This weekend, if you’ve got an itch to see some Canadian contemporary art, the best place to be is south of the border. Two hundred years after the war of 1812, the Massachusetts Museum of Contemporary Art in North Adams, MA, is hosting Oh, Canada, one of the largest survey exhibitions of Canadian contemporary art ever produced outside of the country.
MASS MoCA curator Denise Markonish spent three years making over 400 studio visits until she narrowed down her list of 800 Canadian artists to 62 who represent a variety of disciplines, including painting, performance and installation. Although there isn’t a single overarching theme to the show, it’s clear Markonish isn’t afraid of putting whimsy or humour on the walls. Hey, Canadians (and their art) can be funny! Who knew?
Besides its size, what I think is quite remarkable about Oh, Canada is who is exhibiting together. Markonish—free from the constraints or politics of the Canadian gallery and museum system—has mixed artists still young in their careers like David Harper (see his incredible taxidermied and embroidered animals here) and the Sobey Art Award–nominated Cedar Tavern Singers with big names like Michael Snow, Douglas Coupland and Rebecca Belmore. Regional representation—always an issue across this giant swath of land—is also admirable. Ironically, it’s hard to imagine this show actually happening in Canada.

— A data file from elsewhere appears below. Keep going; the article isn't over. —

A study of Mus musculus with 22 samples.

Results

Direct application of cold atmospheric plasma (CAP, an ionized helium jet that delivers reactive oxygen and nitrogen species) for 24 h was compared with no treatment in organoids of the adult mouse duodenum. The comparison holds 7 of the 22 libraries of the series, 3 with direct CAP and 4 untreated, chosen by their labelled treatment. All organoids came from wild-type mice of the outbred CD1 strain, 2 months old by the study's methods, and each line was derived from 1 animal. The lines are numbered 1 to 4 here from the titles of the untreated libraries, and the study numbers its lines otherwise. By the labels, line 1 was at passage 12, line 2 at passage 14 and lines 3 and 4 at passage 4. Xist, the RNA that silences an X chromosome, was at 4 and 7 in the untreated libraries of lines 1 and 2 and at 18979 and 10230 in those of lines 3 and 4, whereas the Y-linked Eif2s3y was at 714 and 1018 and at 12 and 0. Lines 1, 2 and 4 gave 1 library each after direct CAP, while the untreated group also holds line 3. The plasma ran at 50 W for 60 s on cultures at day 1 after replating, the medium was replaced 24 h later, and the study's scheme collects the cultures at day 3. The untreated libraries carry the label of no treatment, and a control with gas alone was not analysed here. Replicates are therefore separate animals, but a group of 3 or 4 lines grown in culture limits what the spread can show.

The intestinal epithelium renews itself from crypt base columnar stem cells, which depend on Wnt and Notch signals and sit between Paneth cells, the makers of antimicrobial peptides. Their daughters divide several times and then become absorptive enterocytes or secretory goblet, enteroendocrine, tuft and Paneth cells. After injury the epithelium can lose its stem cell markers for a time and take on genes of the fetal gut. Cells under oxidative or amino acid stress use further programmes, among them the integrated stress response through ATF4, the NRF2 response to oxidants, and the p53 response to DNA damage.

The May 26 opening party keeps true to its red-and-white spirit with Brandon Canning from Broken Social Scene DJing a dance party (c’mon, does it get any more Canuck than that?), featuring musical performances by a few participating artists, including Halifax electro-dance outfit Pastoralia.
Here’s a video of Dawson City artist Eryn Foster (responsible for my favourite art-in-a-gym piece, Kardio Karaoke!!!) who is capturing airborne North Adams yeast to create a local version of sourdough bread that will be baked in an outdoor oven she had built as part of the show.
If you can’t make it to North Adams, may I suggest the next best thing: Janet Morton’s enormous lumberjack shirt at the McMichael Gallery in Kleinburg, Ontario.